The Frozen Days
Valentines Day of 2021 will not soon be forgotten in Texas. That was the start of a winter storm, the likes of which is rarely experienced in these parts. We were frozen for the better part of a week and we found out how ill prepared we were for such prolonged cold.
Power was lost at our house late that night. We were told that there would be rolling blackouts. The reality was that power would not return for more than 3 days. The next morning water pressure was much lower than normal. Drawing on our experience of a catastrophic flood in Iowa back in '93 that took out the water treatment plant, I knew what was coming and immediately filled our bathtubs up. When the water flow inevitably stopped, we at least had something on hand that could be boiled to drink or used to flush toilets.
We were fortunate. No burst water pipes. Our house was cold for those few days, but not intolerable. We huddled under blankets and had rations of soup that we heated with our gas stove, along with a loaf of bread and peanut butter. We had plenty of flashlight batteries and candles.
Our preparedness could have been better. The pantry needs to be better stocked and a good supply of drinking water needs to be kept at the ready. A generator to keep our gas heat, refrigerator, and a few other essentials running is going to be a near term purchase. We know we should have been better prepared and failed to follow through. Still, in perspective, we were only inconvenienced for a few days. So many, too many, did not do so well.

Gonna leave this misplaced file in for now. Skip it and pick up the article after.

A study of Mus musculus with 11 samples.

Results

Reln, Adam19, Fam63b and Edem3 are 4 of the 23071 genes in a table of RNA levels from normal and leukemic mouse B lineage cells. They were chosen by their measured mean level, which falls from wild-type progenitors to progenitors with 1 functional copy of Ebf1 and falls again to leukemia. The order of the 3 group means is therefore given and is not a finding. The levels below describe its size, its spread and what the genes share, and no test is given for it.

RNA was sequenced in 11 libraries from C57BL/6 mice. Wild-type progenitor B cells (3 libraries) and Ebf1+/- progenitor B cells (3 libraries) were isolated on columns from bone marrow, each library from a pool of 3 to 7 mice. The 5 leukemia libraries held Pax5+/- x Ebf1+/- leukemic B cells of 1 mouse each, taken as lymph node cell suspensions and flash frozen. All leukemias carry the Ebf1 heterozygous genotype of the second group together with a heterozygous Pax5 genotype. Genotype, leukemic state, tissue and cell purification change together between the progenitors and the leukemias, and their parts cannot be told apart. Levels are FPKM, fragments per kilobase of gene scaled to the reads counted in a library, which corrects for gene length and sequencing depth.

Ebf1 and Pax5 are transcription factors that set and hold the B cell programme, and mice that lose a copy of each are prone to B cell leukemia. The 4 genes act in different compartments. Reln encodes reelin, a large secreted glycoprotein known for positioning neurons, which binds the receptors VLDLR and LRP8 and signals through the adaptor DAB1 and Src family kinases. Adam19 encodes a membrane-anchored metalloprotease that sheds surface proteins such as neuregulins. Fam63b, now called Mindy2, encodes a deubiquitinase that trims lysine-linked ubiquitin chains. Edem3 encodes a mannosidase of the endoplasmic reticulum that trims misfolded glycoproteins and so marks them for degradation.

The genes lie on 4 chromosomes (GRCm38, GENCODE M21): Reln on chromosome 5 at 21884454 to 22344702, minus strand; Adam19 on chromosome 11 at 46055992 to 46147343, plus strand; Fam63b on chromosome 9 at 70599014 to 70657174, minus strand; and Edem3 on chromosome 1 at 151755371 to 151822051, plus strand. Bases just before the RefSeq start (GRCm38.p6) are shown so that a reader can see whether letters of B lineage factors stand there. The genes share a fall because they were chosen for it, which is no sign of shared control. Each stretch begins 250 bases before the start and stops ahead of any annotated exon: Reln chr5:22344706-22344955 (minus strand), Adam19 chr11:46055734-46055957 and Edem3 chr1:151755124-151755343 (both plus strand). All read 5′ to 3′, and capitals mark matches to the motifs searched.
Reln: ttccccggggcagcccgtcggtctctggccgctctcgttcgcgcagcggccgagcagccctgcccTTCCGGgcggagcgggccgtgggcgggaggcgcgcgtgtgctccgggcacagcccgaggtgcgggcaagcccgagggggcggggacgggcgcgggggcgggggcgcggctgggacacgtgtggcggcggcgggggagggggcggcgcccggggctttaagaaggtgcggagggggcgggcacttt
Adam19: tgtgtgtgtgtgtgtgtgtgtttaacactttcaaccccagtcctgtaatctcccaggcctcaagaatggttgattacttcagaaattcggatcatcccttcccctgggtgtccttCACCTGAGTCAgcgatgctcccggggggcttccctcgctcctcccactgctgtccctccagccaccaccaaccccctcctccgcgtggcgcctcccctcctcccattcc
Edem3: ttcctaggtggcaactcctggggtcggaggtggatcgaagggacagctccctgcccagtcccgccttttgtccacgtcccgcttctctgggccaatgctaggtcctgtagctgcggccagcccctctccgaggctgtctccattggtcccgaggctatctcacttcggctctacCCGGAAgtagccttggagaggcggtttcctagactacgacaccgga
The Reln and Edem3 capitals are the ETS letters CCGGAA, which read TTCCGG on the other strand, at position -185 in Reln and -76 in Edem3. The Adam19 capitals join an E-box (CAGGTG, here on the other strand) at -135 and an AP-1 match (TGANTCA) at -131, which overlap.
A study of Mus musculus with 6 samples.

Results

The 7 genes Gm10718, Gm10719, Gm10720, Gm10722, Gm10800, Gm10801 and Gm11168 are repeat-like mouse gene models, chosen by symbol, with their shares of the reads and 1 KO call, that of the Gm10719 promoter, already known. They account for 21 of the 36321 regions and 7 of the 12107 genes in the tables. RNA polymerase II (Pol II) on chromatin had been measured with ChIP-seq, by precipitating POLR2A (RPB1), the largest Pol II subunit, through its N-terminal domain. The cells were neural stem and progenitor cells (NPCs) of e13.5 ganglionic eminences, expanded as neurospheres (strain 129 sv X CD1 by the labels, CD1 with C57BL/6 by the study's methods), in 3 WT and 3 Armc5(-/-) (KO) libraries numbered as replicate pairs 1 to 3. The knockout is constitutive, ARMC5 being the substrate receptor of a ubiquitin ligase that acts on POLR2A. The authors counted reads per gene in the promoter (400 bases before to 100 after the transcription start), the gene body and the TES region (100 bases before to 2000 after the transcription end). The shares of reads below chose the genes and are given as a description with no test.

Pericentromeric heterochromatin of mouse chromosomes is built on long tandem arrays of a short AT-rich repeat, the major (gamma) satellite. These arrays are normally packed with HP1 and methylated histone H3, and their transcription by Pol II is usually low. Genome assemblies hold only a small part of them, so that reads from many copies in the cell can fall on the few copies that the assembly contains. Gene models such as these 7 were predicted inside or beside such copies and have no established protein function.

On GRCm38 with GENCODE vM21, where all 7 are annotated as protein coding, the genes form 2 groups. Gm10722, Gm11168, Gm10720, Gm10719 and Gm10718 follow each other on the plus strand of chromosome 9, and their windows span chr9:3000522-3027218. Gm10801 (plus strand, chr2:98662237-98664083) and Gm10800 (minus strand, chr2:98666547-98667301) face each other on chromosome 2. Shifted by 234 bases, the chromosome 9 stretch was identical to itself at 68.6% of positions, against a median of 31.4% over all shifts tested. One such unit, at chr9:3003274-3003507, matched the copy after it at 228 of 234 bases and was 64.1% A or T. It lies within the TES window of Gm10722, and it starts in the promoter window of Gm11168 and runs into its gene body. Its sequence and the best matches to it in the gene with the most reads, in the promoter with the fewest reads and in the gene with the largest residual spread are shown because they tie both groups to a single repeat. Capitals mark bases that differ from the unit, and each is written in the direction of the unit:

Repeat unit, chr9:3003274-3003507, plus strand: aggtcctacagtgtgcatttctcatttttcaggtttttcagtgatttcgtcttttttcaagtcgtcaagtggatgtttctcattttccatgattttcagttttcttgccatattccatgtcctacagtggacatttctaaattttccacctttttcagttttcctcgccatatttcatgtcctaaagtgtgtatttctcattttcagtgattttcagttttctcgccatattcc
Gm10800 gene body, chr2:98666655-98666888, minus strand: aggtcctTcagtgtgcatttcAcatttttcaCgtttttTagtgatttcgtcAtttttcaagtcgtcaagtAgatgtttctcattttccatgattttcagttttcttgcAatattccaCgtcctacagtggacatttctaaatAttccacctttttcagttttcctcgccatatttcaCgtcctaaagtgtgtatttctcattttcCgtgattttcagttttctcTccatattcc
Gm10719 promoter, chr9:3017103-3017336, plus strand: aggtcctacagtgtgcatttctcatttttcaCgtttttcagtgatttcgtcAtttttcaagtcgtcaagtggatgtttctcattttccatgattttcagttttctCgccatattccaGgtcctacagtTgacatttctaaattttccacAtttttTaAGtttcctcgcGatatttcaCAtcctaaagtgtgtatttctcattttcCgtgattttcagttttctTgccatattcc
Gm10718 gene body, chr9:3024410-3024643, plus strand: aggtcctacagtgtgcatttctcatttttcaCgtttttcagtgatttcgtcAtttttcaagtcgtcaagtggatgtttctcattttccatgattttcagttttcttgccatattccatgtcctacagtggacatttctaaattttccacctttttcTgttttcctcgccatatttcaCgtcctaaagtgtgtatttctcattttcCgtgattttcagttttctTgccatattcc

I wrote about the pandemic year of 2020 a while back and how my big take away for the year was a feeling of gratitude. The experience of the big storm certainly brought about that feeling again. I also felt a sense of peace, oddly enough. Sure, I was stressed at times and frustrated by the governmental failures that ultimately led to the collapse of large part of the Texas power grid. However, my readings in Stoic philosophies helped temper my reaction to the events that unfolded.
In the days prior to losing my convenient access to clean water from my faucets, I had been practicing a bit of the Stoic mindset. Part of that is contemplating everyday things in terms of a “last time.” What if this is the last time I do this thing, like turning on a faucet to get a drink of water or flicking on a light switch to read a book? By contemplating the hypothetical loss of something, a greater appreciation for that thing can be realized. I've also tried to cultivate a sense of awe in my everyday experience. Isn't it remarkable that I can simply walk to my kitchen sink and get a glass of water from my faucet? How awesome is that and how many people in the world don't have that luxury?
I hope not to repeat the experience of the big Texas freeze, although I have a feeling it won't be the last in my lifetime. Storms in life will come. That much is certain. The unpleasant experience did bring a flood of gratitude, perspective, and humbleness. There are a great many things that affect my life which are beyond my control, but I can control how I respond. Maybe I can even take away some things from the very things that take away from me.